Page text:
It’s just too dead of a period of time in the White Sox news cycle to pass up some media criticism. That rainy day post about the biggest WPA swings of the season can always wait another day…
The Tribune’s White Sox beat writer Mark Gonzales took out the time Thursday to identify Alexei Ramirez of all people as a player who sorely needs to improve his play, and posits facilitating this improvement as something that should be a primary focus of Robin Ventura’s inaugural year as manager.
For anyone with a passing fondness for WAR–of which Alexei ranks 1st by a mile on the team according to FanGraphs, and is still tied for 3rd according to Baseball Reference–this elicits more than a little eye-rolling, but I must admit I understand what he’s getting at.
Not when he’s complaining about Ramirez’ RBI total, or quibbling with his defense, blaming him for A.J. Pierzynski’s scattershot throws, or dumping blame on him for all the short pops that fell in front his crappy outfielders. No, none of those times, really.
But I get the urge.
Ramirez is a player with a very wide skill set–especially as a hitter, who has displayed plus production in a lot of areas, but lacks of season where he has operated on all cylinders.
In other words, we’ve seen him hit 21 HRs, we’ve seen him hit for high-average, and we’ve seen him display above-average patience, but never all at one time. To top it off, he’s a fast runner who can’t steal bases, and while he’s unquestionably an elite defender, he does seem to have some errors of the ‘botched routine play’ variety.
As a result, he’s a player who tends to invite more contemplation on what he could do, rather than misty-eyed gratitude for what he does provide. To contrast, Paul Konerko is accepted as a specialist, and any suggestion of him improving his defense or baserunning, or focus on anything besides mashing, would be rightly laughed off.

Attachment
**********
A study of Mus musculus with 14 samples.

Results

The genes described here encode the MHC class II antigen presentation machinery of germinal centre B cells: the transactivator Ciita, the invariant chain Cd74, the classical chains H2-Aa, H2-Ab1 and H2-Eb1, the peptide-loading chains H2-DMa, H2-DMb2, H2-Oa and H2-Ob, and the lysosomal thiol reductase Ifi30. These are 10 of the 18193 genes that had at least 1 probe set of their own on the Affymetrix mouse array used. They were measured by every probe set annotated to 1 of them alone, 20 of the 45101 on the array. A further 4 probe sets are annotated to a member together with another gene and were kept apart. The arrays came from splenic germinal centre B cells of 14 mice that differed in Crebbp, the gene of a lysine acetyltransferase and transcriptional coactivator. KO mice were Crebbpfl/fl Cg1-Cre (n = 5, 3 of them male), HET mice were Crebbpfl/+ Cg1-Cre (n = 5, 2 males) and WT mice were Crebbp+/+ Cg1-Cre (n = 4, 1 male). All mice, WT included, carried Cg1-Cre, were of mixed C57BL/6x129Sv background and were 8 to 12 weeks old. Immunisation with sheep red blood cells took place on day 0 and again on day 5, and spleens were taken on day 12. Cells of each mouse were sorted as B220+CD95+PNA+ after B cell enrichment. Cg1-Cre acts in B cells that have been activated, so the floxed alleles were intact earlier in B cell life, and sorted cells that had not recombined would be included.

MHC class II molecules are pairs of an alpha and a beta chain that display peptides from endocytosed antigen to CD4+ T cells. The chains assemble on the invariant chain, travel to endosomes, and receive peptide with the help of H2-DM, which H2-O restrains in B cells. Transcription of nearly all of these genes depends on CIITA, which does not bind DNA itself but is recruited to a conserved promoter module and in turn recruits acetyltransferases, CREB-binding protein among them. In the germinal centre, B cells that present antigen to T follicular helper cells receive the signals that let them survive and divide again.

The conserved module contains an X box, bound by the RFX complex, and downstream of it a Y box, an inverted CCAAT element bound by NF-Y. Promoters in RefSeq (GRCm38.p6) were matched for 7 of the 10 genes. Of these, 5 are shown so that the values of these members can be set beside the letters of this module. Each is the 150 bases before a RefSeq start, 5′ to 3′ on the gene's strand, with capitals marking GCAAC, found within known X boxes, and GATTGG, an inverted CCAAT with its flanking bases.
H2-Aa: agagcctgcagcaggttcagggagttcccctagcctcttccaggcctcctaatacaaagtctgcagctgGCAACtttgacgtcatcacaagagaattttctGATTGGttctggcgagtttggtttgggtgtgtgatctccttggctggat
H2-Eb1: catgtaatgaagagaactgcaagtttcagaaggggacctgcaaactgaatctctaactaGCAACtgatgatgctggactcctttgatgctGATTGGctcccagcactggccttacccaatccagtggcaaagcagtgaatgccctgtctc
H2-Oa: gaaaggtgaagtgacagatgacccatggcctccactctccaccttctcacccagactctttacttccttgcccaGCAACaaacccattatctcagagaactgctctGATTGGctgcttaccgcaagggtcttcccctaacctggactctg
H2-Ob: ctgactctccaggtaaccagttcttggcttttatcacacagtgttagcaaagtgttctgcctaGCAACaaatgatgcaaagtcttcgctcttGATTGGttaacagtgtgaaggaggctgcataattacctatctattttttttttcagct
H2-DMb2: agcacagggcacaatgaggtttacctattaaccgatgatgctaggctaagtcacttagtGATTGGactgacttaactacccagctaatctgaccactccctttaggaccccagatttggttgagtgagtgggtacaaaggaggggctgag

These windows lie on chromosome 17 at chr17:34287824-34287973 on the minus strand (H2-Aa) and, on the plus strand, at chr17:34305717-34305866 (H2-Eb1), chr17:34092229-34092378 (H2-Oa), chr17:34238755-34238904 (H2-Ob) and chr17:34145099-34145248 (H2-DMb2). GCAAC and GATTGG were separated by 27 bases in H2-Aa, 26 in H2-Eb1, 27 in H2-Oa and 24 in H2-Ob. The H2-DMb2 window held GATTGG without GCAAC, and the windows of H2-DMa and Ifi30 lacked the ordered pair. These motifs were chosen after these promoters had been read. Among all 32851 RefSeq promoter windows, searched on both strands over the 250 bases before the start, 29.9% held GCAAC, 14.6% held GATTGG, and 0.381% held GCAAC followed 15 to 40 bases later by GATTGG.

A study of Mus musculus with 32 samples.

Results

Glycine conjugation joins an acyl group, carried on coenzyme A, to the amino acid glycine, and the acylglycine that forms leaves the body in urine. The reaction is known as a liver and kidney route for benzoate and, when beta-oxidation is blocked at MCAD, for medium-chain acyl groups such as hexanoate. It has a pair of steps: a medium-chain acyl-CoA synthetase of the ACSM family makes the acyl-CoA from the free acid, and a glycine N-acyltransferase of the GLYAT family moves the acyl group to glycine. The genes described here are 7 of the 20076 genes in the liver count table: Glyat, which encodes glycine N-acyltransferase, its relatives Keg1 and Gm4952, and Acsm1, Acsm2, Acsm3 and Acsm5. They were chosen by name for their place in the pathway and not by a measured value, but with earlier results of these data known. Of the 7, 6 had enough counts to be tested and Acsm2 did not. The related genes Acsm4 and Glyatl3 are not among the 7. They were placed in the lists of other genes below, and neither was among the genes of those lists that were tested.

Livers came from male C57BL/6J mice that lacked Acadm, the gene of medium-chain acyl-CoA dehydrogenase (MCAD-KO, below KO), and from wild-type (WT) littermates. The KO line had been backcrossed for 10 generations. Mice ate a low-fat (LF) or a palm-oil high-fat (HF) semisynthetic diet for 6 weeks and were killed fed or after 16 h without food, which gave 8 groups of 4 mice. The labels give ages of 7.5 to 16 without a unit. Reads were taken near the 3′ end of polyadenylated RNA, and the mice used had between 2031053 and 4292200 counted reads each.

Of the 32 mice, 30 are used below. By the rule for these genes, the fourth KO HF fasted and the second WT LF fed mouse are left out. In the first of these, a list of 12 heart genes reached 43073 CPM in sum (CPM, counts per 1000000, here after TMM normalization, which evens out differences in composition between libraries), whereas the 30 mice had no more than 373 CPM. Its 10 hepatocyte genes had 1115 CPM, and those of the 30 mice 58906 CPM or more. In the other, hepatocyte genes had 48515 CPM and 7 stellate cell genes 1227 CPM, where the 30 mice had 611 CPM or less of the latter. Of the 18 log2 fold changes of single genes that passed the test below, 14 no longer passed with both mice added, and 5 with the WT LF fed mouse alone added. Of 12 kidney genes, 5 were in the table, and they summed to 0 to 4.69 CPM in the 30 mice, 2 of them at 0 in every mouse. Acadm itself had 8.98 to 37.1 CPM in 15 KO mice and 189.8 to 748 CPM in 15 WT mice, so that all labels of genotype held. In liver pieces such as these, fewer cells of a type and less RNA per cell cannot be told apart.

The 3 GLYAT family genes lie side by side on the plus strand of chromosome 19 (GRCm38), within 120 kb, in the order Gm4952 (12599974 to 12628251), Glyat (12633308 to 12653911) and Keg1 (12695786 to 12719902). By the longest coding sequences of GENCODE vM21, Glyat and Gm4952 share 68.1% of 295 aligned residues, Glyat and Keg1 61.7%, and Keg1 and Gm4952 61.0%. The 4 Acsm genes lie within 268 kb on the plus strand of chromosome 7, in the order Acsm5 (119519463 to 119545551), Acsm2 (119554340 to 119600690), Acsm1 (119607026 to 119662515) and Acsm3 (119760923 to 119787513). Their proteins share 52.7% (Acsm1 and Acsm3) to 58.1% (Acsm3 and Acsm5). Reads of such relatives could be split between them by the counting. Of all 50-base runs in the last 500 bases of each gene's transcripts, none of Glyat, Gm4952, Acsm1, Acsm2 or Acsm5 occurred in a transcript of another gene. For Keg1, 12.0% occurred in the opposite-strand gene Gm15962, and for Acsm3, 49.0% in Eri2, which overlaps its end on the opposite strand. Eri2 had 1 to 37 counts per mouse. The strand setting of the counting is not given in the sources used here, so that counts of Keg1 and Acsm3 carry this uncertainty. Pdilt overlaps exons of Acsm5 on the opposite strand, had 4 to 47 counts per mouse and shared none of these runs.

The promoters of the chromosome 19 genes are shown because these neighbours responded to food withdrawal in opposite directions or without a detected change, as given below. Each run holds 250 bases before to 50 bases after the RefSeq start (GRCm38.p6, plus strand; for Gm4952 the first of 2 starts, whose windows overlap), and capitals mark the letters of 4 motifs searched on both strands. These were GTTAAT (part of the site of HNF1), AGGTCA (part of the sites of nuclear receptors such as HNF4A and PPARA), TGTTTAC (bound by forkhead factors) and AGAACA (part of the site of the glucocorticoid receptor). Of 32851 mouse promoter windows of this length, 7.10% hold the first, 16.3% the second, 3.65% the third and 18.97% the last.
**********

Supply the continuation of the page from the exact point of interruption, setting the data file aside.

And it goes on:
I know I have been guilty of it at times, but after four years, viewing Ramirez as a bunch of tools not used to their full potential isn’t a fair way to judge his performance. And it’s certainly not a reasonable one as he enters his age 30 season, as he’s quite likely a fully-realized player. Huge performance jumps at that age aren’t unprecedented, but they aren’t expected, and sure as hell aren’t demanded.
Alexei’s plate discipline and power may be inversely related, he may make hard plays look easy and occasionally vice-versa, and his speed doesn’t equate base-stealing instincts, but he is very good as he is. Which is convenient, as that’s probably what we’re stuck with.
Some notes to make this a proper length
-If we’re going to speculate on who Robin Ventura–a man devoid of coaching experience–is going to be able to coach up, I’d rather pull for his stated goals of improving youngsters with glaring flaws like Gordon Beckham.
Ventura had a lot of plate discipline, so uh, maybe he can, uh…teach Morel and Beck–See! See how useless this speculation is? They hired a mystery box!
-Much has been said about Ventura being a mentor to young Brent Morel. It’ll be interesting to see what his influence is given their contrasting fielding styles. Brent Morel has shown a preference for waiting back on grounders and searching out the right hop, confident that he can compensate with his strong throwing arm. In an interview in June, Robin admitted that his trademark aggressive style was actually a product of him lacking such a luxury. Though I’m sure Robin has more advice to offer than “Run forward!”
-The White Sox are crappy about spending in the draft, and spending on international amateur talent, BUT NO MORE! Kenny Williams is “taking a hands-on approach now”, and leaving on a scouting trip that will include a stop in the Dominican Republic. Whether or not the first instance of the GM taking “hands on” approach to scouting in Latin America occurring after his 11th season, and a spotty record in the region are interrelated somehow, has yet to be concluded.